World Conference on Human Rights, Vienna 1993


5. Freedom from torture

54. The World Conference on Human Rights welcomes the ratification by many Member States of the Convention against Torture and Other Cruel, Inhuman or Degrading Treatment or Punishment and encourages its speedy ratification by all other Member States.

55. The World Conference on Human Rights emphasizes that one of the most atrocious violations against human dignity is the act of torture, the result of which destroys the dignity and impairs the capability of victims to continue their lives and their activities.

56. The World Conference on Human Rights reaffirms that under human rights law and international humanitarian law, freedom from torture is a right which must be protected under all circumstances, including in times of internal or international disturbance or armed conflicts.

57. The World Conference on Human Rights therefore urges all States to put an immediate end to the practice of torture and eradicate this evil forever through full implementation of the Universal Declaration of Human Rights as well as the relevant conventions and, where necessary, strengthening of existing mechanisms. The World Conference on Human Rights calls on all States to cooperate fully with the Special Rapporteur on the question of torture in the fulfilment of his mandate.

58. Special attention should be given to ensure universal respect for, and effective implementation of, the Principles of Medical Ethics relevant to the Role of Health Personnel, particularly Physicians, in the Protection of Prisoners and Detainees against Torture and other Cruel, Inhuman or Degrading Treatment or Punishment adopted by the General Assembly of the United Nations.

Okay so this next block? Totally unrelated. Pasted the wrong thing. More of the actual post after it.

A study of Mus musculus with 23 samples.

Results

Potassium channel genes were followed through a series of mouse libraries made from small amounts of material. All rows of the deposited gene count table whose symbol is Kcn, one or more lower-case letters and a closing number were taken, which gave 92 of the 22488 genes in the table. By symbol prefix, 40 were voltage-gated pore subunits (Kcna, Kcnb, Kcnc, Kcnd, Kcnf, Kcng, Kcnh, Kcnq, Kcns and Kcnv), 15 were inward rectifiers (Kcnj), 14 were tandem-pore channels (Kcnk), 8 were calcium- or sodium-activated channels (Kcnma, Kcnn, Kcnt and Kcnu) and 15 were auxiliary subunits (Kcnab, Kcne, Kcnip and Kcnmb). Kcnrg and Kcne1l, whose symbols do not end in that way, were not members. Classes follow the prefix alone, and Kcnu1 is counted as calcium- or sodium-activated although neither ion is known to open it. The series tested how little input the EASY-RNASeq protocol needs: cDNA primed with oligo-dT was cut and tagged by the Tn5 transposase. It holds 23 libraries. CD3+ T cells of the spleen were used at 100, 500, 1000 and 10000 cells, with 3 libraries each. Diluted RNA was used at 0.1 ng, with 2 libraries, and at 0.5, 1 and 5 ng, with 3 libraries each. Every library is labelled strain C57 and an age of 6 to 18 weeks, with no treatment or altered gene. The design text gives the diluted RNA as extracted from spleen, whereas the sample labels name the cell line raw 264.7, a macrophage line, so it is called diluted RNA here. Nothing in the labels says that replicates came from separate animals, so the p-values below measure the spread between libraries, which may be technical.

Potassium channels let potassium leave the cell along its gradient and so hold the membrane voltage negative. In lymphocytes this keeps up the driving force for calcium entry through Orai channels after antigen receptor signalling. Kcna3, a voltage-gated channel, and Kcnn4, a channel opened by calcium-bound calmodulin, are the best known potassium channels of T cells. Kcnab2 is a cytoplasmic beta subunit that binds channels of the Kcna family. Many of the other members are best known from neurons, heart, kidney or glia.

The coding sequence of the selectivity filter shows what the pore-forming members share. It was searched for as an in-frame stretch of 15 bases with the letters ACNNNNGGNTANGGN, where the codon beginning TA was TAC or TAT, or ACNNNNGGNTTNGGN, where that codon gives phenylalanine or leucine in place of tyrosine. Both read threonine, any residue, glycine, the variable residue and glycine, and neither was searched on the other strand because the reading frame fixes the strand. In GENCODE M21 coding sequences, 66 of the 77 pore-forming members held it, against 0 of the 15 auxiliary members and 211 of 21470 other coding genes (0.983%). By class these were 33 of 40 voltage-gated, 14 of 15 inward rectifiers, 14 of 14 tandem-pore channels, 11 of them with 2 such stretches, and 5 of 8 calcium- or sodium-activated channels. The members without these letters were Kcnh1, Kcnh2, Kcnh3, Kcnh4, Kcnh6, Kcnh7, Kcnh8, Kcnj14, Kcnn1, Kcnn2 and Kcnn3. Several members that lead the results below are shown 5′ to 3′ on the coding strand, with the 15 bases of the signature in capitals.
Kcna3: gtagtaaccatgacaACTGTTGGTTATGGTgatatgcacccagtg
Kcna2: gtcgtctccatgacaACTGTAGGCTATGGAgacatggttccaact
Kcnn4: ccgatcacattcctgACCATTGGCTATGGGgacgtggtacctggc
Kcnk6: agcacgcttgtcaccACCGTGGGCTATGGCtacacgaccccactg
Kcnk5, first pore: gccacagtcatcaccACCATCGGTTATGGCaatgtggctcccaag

59. The World Conference on Human Rights stresses the importance of further concrete action within the framework of the United Nations with the view to providing assistance to victims of torture and ensure more effective remedies for their physical, psychological and social rehabilitation. Providing the necessary resources for this purpose should be given high priority, inter alia, by additional contributions to the United Nations Voluntary Fund for the Victims of Torture.

60. States should abrogate legislation leading to impunity for those responsible for grave violations of human rights such as torture and prosecute such violations, thereby providing a firm basis for the rule of law.

61. The World Conference on Human Rights reaffirms that efforts to eradicate torture should, first and foremost, be concentrated on prevention and, therefore, calls for the early adoption of an optional protocol to the Convention against Torture and Other Cruel, Inhuman and Degrading Treatment or Punishment, which is intended to establish a preventive system of regular visits to places of detention.

Enforced disappearances

62. The World Conference on Human Rights, welcoming the adoption by the General Assembly of the Declaration on the Protection of All Persons from Enforced Disappearance, calls upon all States to take effective legislative, administrative, judicial or other measures to prevent, terminate and punish acts of enforced disappearances. The World Conference on Human Rights reaffirms that it is the duty of all States, under any circumstances, to make investigations whenever there is reason to believe that an enforced disappearance has taken place on a territory under their jurisdiction and, if allegations are confirmed, to prosecute its perpetrators.